Pricing illiquid bank assets

by on February 22, 2009 at 7:42 am in Economics | Permalink

Interfluidity has an idea:

There's another way to generate price transparency and liquidity for
all the alphabet soup assets buried on bank balance sheets that would
require no government lending or taxpayer risk-taking at all. Take all
the ABS and CDOs and whatchamahaveyous, divvy all tranches into $100
par value claims, put all extant information about the securities on a
website, give 'em a ticker symbol, and put 'em on an exchange. I know
it's out of fashion in a world ruined by hedge funds and 401-Ks and the
unbearable orthodoxy of index investing. But I have a great deal of
respect for that much maligned and nearly extinct species, the
individual investor actively managing her own account. Individual
investors screw up, but they are never too big to fail. When things go
wrong, they take their lumps and move along. And despite everything the
professionals tell you, a lot of smart and interested amateurs could
build portfolios that match or beat the managers upon whose conflicted
hands they have been persuaded to rely. Nothing generates a market
price like a sea of independent minds making thousands of small trades,
back and forth and back and forth.

Via Thomas Barker, here is an even more radical idea.

1 Sean Brown February 22, 2009 at 9:42 am

It makes sense but because of GAAP accounting, banks and politicians would not want to do this. Many, many banks would be shown as “insolvent” due to the fact that many, many Level-3 assets (mark-to-model) would move to Levels 1 and 2. The Level 1 and 2 prices would be almost certainly be lower than the current Level 3 values for assets held at sick banks like Citi and BoA. Therefore, the minute this market is set up, Citi and BoA become insolvent by GAAP standards, which would then require another bailout (or, hypothetically, liquidation).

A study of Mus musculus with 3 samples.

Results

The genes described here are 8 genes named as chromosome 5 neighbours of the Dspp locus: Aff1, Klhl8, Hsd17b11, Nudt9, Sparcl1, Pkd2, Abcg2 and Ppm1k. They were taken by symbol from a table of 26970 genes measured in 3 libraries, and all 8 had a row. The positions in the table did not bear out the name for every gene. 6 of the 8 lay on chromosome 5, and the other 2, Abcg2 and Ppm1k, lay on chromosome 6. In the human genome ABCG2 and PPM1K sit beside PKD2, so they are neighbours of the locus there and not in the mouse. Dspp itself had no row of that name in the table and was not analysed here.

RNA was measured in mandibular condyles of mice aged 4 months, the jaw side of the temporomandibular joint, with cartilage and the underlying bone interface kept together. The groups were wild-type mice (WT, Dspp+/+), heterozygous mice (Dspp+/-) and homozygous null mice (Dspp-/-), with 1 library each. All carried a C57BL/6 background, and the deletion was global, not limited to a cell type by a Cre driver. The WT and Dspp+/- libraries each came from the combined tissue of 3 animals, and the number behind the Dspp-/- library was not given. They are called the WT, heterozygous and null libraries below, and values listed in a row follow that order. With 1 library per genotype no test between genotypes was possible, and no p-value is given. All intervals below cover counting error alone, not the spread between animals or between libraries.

2 Zamfir February 22, 2009 at 9:56 am

Sounds good, but isn’t the idea that (relative) amateurs would make up most of the market a bit naive? Presumably the big buyers would be same people who would now buy the stuff, if prices were low enough.

The big point here would not be the “exchange” window dressing, but making all information available. That seems exactly what banks fight hard to avoid, and a surprisingly large amount of people involved seem to agree that full transparency and the following panic could be a cure worse than the disease.

3 Kyle February 22, 2009 at 1:09 pm

I think this basically already exists. There’s no exchange, but there is a liquid index. For subprime there is the ABX market. For CDOs there was the TABX market. But, TABX stopped trading when everything plummeted to cents on the dollar. There isn’t, though, anything for ABS as far as I know (probably because it covers too many wildly different securities). But, the problem is not generating market prices for these securities, those exist, it’s just that the market prices are FAR different from where banks own them. Actually, the cash bonds trade worse than where the index would suggest.

That said, because the people who buy these assets now demand 10-20% loss-adjusted yields it’s not clear how valuable that information is on projecting future cashflows for banks. It’s certainly possible that some banks are both insolvent (assets outgoing cash flow from liabilities) since they only need to make a 5% return on their mortgages holdings.

4 Alex Turnbull February 23, 2009 at 12:06 am

A more pernicious problem is that these markets are OTC – some sort of public exchange or price reporting agency for Reg S securities and anything with an ISIN wouldn’t hurt. It certainly makes the 144A bond market pretty transparent thanks to the NASD and TRACE.

5 IWantCookieNow February 23, 2009 at 10:34 am

I wouldn’t mind to go further even: Put all these financial contracts things on a public stock or future exchange, including especially Credit Default Swaps.

6 Thomas Barker February 24, 2009 at 6:21 am

@babar – Clever! (And I think becoming popular with PE firms at the moment!) I suspect traders might notice that sort of thing happening though.